Last month, electric-car owners finally learned the price of a replacement battery pack for the Nissan Leaf: a surprisingly low $5,500 after the old pack is traded in.
Many advocates and Leaf owners promptly seized on the price to "prove" that Nissan could now build batteries for less than $250 per kilowatt-hour.
Not so fast, please: Nissan has now confirmed to Green Car Reports that it subsidizes that price.
Lithium-ion battery pack of 2011 Nissan Leaf, showing cells assembled into modules
In light of the Leaf battery replacement price of $5,500, we asked the company to comment on its costs for producing electric-car batteries--which, predictably, it wouldn't do.
"As you can imagine," wrote Jeff Kuhlman, Nissan's vice president of global communications, "we don’t share those figures for competitive reasons."
But regarding the replacement price, Kuhlman was quite clear:
"Nissan makes zero margin on the replacement program," he wrote. "In fact, we subvent every exchange."
To "subvent" means to subsidize.
In other words, selling a replacement Leaf battery for $5,500 requires Nissan to subsidize that price--the actual cost to the company is higher.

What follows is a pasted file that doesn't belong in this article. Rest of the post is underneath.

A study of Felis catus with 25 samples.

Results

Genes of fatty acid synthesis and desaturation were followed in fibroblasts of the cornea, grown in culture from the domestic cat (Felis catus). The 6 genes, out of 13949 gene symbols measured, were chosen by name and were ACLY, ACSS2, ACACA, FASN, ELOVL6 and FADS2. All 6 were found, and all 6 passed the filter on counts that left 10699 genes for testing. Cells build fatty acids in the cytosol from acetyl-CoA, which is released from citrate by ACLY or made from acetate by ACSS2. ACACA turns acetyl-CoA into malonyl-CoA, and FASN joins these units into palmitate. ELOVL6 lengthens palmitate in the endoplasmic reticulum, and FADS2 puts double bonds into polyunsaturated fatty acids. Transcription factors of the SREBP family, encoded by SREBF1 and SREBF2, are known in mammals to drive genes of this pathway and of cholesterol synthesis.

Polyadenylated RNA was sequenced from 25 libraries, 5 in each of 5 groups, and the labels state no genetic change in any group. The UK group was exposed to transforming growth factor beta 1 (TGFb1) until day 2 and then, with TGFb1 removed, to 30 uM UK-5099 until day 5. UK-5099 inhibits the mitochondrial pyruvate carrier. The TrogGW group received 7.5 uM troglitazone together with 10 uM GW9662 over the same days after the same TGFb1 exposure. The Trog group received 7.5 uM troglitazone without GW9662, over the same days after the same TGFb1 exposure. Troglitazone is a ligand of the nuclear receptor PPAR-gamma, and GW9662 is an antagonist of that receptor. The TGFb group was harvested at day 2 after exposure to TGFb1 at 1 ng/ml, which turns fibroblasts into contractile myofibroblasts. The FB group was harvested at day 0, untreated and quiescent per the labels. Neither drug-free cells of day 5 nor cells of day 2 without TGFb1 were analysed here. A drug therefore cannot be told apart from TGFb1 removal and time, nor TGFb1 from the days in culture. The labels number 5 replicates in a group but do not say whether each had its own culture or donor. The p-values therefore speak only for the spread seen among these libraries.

That may not always be the case, of course. Nissan is clearly expecting its production cost for battery packs to fall over time, with higher sales of electric cars, improvements in lithium-ion cell fabrication processes, and general economies of sale.
2015 Nissan Leaf
But it underscores the principle, sometimes overlooked by advocates, that the price at which a given part is sold may or may not equal its actual cost to the maker.
One final point: Kuhlman explains that Nissan is subsidizing the replacement packs as "a 'customer-first' initiative" after much discussion of the need for a transparent replacement price--which the company "hear loud and clear from [Leaf] owners and lessors."
All that said, however, after the first month, "we have yet to sell one battery as part of the program."